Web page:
How can we ensure safety in Events Management, Religious Festivals, and Tourism?

Korstanje
© CABI

By Maximiliano Korstanje

One of the aspects that motivated me to write a book which focuses on Event Management Security as the main object of study was the need to understand what we, the experts in terrorism and political violence, can do in order for tourist destinations to be protected.

Although some sociologists have claimed that religion is in decline, in many parts of the world the demand for religious tourism has notably increased. Even in the Middle East, Europe and Latin America, every year thousands of pilgrims visit their sacred-destination, making religious tourism one of the largest segments of the tourism industry.

While mass-tourism puts emphasis on hyper-consumption and the pleasure maximization logic with tourists “in search of happiness, and consuming stylized pleasures”, pilgrims devote their efforts to offering something (a sacrifice) to gods.[1] This ignited a hot debate regarding the nature of tourism and religiosity. This form of tourism offers fertile ground for expanding applied research in the years to come.

Equally important, some terrorist and criminal groups target religious events to broadcast their message of intolerance. Terrorism does not want a lot of people dying, but a lot of people watching! This means, paradoxically, that the same mass appeal of religious tourism is what terrorism exploits to cause political instability and chaos.

Terrorism does not want a lot of people dying, but a lot of people watching!

The complexity of this situation highlights two important things. On the one hand, we need to improve our understanding of violence and terrorism and grasp the reasons why tourists are targets of such violence. On the other, we need to construct a bridge between academia and tourism management to construct more sustainable and safer destinations.

Myself, Professor Kevin Griffin and Razaq Raj in this book exhibit the common risks and situations visitors face at holy sites. The book explores religious tourism, expanding to other related themes, such as; risk and disaster management, terrorism, local crime covering the importance of contemplating destinations´ vulnerabilities. While researching for this book one of the challenges we came across was the urgent need for more academic writing on this subject. These writings should be clear-cut and simple in style, with concrete case studies describing what other policy-makers have done in the past, their failures and the problems they experienced.

After the Luxor Massacre, theorists and academics of all stripes turned their attention to international terrorism and its effects on tourism. Doubtless, the 9/11 attacks on New York in 2001 changed not only the dynamics of international relations but also accelerated a process of securitization as never before.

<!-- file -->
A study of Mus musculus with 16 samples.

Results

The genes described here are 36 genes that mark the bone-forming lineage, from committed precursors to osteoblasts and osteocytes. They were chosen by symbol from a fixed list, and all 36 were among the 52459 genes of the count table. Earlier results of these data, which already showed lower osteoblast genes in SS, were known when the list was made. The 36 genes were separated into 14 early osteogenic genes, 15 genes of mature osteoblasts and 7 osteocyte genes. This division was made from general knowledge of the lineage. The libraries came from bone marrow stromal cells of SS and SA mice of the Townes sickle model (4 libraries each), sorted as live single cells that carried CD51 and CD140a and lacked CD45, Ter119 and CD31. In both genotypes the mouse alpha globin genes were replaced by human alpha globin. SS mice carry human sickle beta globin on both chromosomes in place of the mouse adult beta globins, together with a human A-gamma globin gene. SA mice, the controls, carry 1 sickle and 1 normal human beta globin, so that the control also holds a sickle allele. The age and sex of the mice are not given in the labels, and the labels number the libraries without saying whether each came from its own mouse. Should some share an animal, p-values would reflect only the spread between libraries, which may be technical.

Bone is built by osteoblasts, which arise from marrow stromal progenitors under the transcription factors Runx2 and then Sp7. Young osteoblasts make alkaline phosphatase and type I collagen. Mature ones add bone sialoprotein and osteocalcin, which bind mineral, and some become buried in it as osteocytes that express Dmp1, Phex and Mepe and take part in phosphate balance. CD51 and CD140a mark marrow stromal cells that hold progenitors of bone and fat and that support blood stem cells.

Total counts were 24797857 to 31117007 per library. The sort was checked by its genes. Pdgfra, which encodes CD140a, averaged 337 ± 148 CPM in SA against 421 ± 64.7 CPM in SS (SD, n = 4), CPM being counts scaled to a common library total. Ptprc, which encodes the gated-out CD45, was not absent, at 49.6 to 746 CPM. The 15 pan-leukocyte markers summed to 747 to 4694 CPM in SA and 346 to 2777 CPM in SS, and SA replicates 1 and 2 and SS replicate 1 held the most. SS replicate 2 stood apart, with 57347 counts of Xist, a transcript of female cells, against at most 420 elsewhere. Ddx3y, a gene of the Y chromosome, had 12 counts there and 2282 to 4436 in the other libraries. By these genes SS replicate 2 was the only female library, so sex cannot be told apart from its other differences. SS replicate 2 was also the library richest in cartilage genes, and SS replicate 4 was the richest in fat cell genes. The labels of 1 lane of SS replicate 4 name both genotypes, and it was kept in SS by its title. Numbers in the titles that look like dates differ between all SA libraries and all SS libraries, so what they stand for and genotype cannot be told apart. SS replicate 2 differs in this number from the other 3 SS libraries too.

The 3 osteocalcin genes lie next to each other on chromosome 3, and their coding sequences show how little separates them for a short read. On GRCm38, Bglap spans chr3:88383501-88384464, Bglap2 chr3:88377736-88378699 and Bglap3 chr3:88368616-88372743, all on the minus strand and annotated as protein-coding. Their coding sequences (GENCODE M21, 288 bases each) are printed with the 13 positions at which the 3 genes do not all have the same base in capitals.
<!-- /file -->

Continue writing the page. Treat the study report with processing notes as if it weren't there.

In this hyper-globalized world information is vital, but at the same time it can be a double-edged sword. The correct evaluation of risk, avoiding the populist demands, seems to be of paramount importance for some irrational fears to surface. Experts maintain greater objectivity in the field of risk evaluation providing reliable information that helps in the risk mitigation process.

Despite the expert’s voice of reason, the public are often influenced with bad-news, which negatively affects the true image of destinations. Policy-makers and experts devote efforts and resources to the destination’s organic image but everything fades away when a terrorist attack takes hit. Hence our book offers an all-encompassing model which can be operationalized as concrete steps to enhance tourism security in the not-so-distant future.

The public are often influenced with bad-news, which negatively affects the true image of destinations.

Religious tourism is a centerpiece of contemporary society. Over recent years, I have moved towards new horizons of research which helps others grasp the effects on terrorism in society and tourism.

This book is the product of my earlier concerns in deciphering the complexity of tourism security. Myself and the editors wanted a multidisciplinary product where many voices and viewpoints, coming from different contexts and cultures, converge.

 

[1] Tourism Research Paradigms: Critical and Emergent Knowledges ed. Ana Maria Munar, Tazim Jamal p126

 

Korstanje is editor in chief of International Journal of Safety and Security in Tourism (UP Argentina) and International Journal of Cyber Warfare and Terrorism (IGI-GlobalUS). Besides being Senior Researcher in the Department of Economics at University of Palermo, Argentina, he is a global affiliate of the Tourism Crisis Management Institute (University of Florida, US), the Centre for Ethnicity and Racism Studies (University of Leeds), The Forge (University of Lancaster and University of Leeds UK) and The International Society for Philosophers, hosted in Sheffield UK. He has been nominated for 5 honorary doctorates for his contribution in the study of the effects of terrorism in tourism. Now he works as an editorial advisory board member of Cambridge Scholar Publishing UK and IGI Global US.

Risk and safety challengesHis new book is available to buy from the CABI Bookshop with 25% discount using code CCRTP25 until 31st July 2018.

If you know of any academic writing on this subject, leave your suggestion in the comments below!